On the Record
by Jeffrey Harmatz
Feb 03, 2009 | 2983 views | 0 0 comments | 54 54 recommendations | email to a friend | print
As a lifelong resident of South and East Williamsburg, Rob Solano sees the changes that have come to the neighborhood in the last two decades as generally positive, but that hasn’t stopped him from fighting for more affordable housing throughout North Brooklyn.

As the executive director of Churches United for Fair Housing (CUFH), Solano has been leading members of a variety of North Brooklyn Churches in the battle for more and better affordable housing.

“I got involved with planning during the waterfront rezoning,” said Solano of his initial interest in housing. “When we began, there was zero percent affordable housing in the plan, but we got involved and helped get the 33% percent that exists now. It got me excited about doing that kind of work.”

Solano grew up on the south side of Williamsburg, and has seen the neighborhood change for the better.

“I was very much around for the drugs and guns phase, when I would have to run to and from school,” he recalled. “It’s great to see the south side change so much.”

Now, Solano lives on Whipple Street in East Williamsburg, right near the site of CUFH’s current project, the Broadway Triangle.

The Triangle is currently at the center of plans to create a new neighborhood that will include a large portion of affordable housing, but Solano and CUFH feel that much more could be done with the area, and are currently working with the city to integrate their plan into an existing one.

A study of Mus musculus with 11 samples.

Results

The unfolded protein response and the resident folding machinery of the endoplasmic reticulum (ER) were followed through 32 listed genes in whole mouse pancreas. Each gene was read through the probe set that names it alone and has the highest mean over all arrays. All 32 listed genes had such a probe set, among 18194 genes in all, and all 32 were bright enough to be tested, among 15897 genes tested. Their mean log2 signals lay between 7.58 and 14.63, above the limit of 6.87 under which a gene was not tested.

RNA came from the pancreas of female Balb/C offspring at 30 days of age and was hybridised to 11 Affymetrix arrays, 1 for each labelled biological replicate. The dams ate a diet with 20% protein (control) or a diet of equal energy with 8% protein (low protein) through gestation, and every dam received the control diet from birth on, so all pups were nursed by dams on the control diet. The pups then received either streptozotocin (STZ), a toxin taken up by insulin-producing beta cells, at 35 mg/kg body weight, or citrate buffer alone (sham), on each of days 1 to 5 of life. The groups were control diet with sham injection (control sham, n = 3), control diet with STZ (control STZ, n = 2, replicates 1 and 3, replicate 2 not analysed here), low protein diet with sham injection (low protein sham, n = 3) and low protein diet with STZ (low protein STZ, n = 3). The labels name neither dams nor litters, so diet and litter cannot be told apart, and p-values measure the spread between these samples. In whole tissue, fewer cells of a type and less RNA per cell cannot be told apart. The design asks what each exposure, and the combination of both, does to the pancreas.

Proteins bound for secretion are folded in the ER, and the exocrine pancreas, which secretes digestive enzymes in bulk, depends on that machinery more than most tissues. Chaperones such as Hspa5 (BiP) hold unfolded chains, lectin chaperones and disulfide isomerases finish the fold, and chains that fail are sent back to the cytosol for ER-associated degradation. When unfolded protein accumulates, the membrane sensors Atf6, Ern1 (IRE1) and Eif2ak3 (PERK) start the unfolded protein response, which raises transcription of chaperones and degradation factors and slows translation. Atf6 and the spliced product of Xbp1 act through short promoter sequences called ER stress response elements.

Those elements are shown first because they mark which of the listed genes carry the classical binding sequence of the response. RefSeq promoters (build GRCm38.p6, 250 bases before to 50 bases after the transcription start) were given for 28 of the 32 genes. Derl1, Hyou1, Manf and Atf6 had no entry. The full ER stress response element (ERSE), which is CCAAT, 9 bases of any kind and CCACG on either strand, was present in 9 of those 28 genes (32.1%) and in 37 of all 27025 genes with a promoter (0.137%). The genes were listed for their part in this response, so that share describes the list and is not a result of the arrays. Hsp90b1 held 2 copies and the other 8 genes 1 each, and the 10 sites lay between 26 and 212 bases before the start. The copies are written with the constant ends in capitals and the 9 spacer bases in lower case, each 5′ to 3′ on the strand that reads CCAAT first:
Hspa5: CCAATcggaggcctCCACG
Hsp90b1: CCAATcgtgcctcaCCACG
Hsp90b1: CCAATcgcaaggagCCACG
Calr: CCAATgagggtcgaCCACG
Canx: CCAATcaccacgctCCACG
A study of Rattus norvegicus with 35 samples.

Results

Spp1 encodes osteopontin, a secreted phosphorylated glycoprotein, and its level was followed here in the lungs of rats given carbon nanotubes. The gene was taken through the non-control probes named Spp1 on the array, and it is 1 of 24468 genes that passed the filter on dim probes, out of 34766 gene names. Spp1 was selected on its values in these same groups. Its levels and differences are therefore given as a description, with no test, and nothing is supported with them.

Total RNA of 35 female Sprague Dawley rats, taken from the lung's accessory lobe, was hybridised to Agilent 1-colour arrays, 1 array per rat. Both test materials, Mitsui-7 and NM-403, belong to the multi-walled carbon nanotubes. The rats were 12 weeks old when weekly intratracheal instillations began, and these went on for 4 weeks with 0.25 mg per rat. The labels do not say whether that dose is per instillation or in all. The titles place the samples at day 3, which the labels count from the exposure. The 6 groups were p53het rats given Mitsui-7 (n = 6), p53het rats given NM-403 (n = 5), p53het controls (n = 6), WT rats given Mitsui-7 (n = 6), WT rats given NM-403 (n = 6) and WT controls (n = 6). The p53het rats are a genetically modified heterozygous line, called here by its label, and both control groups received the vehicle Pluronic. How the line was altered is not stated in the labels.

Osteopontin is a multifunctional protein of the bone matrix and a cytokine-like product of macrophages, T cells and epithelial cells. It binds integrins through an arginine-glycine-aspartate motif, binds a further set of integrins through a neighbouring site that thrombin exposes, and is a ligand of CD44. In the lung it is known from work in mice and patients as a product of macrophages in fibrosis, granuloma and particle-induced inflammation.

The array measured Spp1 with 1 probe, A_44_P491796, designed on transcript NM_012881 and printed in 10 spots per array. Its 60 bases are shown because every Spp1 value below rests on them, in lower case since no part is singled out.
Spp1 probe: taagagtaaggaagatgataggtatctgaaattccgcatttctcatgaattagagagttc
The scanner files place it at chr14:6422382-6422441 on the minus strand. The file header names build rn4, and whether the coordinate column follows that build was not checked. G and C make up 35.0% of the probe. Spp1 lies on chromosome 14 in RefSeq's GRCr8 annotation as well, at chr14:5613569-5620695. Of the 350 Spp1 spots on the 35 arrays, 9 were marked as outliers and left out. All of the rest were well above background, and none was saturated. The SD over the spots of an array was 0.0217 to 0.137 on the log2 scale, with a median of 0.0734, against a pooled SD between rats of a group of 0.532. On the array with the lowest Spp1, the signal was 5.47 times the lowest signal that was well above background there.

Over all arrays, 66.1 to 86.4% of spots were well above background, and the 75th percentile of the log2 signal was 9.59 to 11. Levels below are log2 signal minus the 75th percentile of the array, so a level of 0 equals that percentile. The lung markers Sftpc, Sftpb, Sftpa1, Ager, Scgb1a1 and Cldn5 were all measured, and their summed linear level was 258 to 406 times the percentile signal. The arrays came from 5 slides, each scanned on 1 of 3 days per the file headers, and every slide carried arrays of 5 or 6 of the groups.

“Because I live here now, it’s much more personal to me,” Solano said. “There’s so much open land at the Broadway Triangle. I’d love to see a movie here, eat here, shop here and keep doing business here.”

The Broadway Triangle issue has been so divisive within the North Brooklyn community that Churches United itself was divided over differing views between the church leaders and the parishioners over what should be done with the area. The pastors who lead the churches that make up the organization were in favor of the existing plan, while many of the parishioners felt that more could be done, and so Churches United for Fair Housing, already operating independently from the larger Churches United group, amicably broke off. “We felt adamant that there was so much more potential for the Broadway Triangle than what had been planned. Churches United for Fair Housing is now run by a lay leadership, and we maintain a very good relationship with the pastors.”

In addition to the Broadway Triangle, Solano and CUFH are working on a number of other initiatives to improve the quality of life in North Brooklyn.

“We’re excited about a job training program that is set to begin at Domino in the next few months,” he said. The program will work with local unions to train young people for high-paying professional positions.

As the group’s efforts to influence the development of the Broadway Triangle begin to pay off, Solano knows that it is definitely not the last time he will have to work hard for the cause of affordable housing.

“In Williamsburg, there is always something to fight for,” he said.